Plans are being drawn up to replace La Sente school, with the Assistant Minister for Children and Education telling Channel 103 he wants it moved to a new facility before the end of this year.

Deputy Scott Wickenden has toured the existing school for children with serious mental health, social or emotional needs.

It has been likened to a 'containment facility', and the Children's Commissioner has previously said it 'clearly is not meeting the needs of all pupils'.

Deputy Wickenden has told Channel 103 it is 'not fit for purpose'.

"It needs a new facility.  We are not doing good enough for these children who are some of our most vulnerable in the island.  We have got a plan to upgrade the current facility in the short-term.  It will be happening over the summer holiday - to improve areas and put some safety measures in place.  

In the long-term there is a plan being drawn up right now to have a better replacement building that will be used for primary and secondary - and the money in the Government Plan will be put aside for that.

The short-term upgrade will be mainly to the D'Hautree site which caters for Key Stage 2&3 - to 'clean up and fix up areas' and 'increase safety measures'. 

Deputy Wickenden says he would like to see Greenfields secure unit at Five Oaks moved 'to somewhere more healing', and those facilities used to expand neighbouring La Sente, which is currently used by teenagers in Key Stage 4.

"I don't want them there any longer than they have to be.  The plan is to try and get them out of those buildings because they are not fit for purpose.  The teachers do an amazing job with the facilities they have, but they deserve better."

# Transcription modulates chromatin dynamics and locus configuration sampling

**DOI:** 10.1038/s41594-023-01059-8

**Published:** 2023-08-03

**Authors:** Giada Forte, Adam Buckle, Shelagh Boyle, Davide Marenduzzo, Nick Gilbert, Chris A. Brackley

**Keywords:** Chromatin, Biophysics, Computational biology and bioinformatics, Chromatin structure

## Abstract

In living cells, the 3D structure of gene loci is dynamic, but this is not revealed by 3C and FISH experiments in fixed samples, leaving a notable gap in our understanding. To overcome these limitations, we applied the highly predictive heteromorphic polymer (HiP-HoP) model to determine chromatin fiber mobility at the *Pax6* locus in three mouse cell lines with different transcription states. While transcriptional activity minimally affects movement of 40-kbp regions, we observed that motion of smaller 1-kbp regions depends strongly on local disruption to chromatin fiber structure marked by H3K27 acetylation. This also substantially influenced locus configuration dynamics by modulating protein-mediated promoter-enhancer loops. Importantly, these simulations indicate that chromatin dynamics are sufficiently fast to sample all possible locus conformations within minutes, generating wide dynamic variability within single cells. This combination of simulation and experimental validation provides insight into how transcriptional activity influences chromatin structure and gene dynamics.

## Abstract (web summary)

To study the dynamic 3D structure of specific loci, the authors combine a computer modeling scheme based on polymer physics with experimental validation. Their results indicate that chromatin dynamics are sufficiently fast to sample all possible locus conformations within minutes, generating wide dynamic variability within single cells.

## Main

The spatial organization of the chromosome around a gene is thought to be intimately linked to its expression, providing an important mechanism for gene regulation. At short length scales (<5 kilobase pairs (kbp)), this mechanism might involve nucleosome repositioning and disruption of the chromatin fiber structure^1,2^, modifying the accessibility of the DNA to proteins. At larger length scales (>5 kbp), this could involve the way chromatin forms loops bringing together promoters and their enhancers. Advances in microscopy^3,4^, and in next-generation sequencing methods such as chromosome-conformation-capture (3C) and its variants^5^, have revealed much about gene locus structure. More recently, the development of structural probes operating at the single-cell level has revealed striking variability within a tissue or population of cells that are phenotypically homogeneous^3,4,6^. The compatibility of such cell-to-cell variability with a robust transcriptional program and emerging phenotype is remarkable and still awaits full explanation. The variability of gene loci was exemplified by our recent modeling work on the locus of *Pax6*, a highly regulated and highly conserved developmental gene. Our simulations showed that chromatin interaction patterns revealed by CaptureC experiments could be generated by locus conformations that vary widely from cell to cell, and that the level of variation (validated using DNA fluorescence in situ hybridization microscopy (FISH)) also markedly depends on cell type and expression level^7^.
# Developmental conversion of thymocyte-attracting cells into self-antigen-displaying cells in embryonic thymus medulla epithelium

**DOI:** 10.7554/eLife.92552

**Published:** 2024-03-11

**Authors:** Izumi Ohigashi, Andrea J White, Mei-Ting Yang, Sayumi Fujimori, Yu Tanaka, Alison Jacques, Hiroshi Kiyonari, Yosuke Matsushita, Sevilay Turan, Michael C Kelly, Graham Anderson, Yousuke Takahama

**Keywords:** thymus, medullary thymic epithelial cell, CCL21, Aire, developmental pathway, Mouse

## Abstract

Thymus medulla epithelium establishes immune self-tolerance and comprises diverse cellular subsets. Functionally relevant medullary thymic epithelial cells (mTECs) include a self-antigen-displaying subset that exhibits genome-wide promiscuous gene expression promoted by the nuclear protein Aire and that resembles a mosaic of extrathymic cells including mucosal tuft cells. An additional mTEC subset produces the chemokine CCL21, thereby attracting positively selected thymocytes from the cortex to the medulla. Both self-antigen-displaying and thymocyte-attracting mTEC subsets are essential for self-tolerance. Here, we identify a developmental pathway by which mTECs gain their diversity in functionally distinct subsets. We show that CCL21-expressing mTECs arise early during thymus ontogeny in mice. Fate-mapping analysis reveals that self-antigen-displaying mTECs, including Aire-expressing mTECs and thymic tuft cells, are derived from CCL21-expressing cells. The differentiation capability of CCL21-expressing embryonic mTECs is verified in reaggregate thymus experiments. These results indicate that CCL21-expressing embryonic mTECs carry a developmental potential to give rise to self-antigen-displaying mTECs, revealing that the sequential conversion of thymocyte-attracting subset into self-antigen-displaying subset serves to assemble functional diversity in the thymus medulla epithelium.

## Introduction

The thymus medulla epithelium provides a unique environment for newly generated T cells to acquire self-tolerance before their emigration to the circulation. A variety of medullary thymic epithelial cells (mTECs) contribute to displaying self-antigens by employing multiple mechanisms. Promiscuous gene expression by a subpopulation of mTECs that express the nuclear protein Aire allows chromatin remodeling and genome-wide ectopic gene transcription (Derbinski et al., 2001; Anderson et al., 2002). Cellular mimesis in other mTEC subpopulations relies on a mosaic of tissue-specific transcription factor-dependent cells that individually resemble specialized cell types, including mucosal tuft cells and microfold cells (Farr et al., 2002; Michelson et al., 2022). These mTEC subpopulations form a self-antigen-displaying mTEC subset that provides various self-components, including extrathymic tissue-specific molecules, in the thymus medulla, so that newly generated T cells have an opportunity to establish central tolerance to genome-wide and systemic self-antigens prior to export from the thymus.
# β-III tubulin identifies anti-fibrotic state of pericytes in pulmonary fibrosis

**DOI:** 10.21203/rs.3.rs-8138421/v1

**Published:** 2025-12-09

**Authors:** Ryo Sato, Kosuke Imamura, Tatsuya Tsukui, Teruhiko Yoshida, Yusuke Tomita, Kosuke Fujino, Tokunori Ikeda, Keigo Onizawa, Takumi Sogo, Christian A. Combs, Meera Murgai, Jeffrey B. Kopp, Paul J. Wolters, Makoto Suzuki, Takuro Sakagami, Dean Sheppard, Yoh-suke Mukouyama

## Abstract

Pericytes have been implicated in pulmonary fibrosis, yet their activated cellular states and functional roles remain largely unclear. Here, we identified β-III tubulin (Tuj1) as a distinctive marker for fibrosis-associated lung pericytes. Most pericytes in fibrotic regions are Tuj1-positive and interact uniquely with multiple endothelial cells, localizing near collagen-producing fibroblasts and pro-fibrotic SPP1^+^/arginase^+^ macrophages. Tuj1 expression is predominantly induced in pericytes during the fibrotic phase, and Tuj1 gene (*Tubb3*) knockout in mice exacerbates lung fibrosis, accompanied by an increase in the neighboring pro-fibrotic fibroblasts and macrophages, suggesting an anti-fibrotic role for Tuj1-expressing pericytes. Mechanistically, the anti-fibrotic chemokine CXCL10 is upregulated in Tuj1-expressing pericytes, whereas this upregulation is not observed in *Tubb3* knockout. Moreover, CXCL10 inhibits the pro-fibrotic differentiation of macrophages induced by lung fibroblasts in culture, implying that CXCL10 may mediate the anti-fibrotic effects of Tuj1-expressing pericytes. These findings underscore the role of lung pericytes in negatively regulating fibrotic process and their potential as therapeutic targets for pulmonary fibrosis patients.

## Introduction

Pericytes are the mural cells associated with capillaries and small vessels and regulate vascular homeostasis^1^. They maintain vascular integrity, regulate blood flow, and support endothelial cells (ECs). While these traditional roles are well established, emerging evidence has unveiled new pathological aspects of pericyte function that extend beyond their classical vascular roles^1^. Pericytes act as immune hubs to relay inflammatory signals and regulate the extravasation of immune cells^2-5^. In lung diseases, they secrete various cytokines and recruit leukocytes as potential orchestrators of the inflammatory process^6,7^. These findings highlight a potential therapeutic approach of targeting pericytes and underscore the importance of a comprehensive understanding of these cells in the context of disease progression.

"... we could move La Sente into the Greenfields building, which is much more modern.  It has a sports hall, it has a kitchen.  It would be a much better use of that facility in the short term, before we come up with the plan for a proper purpose-built school."

Greenfields Centre

"These are the most challenging of students.  They go into a setting where they almost have 1-2-1 or 2-1 tutoring because there is many challenges for their learning and their curriculum, and if they get upset...  Absolutely I'd say we need to do more, and that is what we are working on right now. It is not being ignored. There is a plan in place and I am determined that we get this as quick as possible into a better situation.

I would like to see that there is movement into a new facility, even it is at Greenfields and we sort the secure unit somewhere else, I'd like that started before the end of this year quite honestly, and I really am putting a priority on this."

Credit: Government of Jersey

During his recent visit to the school, Deputy Wickenden spoke to six of the 13 children in the primary provision.  He says they praised their 'supportive teachers' and, when asked what they would like to see changed, said they wanted a softer ground on their concrete play area.  Deputy Wickenden says he is working on that.

Teenagers in the secondary provision did not answer the Deputy's questions.

Asked if plans for a new joint primary and secondary provision for La Sente means that suggestions of Learning Support Units or Pupil Referral Units within mainstream schools had been ruled out, the Assistant Minister said that an Inclusion Review is looking across the entire curriculum.

"It is happening right now and at pace."

In an interview with Channel 103, Deputy Wickenden has also defended his position and insists the Children and Education portfolio is getting the attention it needs.

"100%.  I work day and night really. I have regular one to one with all the senior officers, I have my ministerial meetings to do with children and education.  It is absolutely getting the support it requires - 100%.

It follows calls from the Children's Commissioner for the Chief Minister to appoint a permanent Minister to the role 'as a matter of urgency'.  Deputy Jeremy Macon was removed following his arrest in March.  He remain on police bail on suspicion of an unspecified offence.   

In a letter to Senator Jon Le Fondre, Deborah McMillan said she was 'concerned that the temporary arrangements that you have put in place have now resulted in a lack of ministerial oversight with regard to children and all aspects of their lives' and added that she had had little engagement with Deputy Wickenden. 

The Deputy says he is now having fortnightly meetings with the Children's Commissioner, describing one last Monday as 'collaborative'.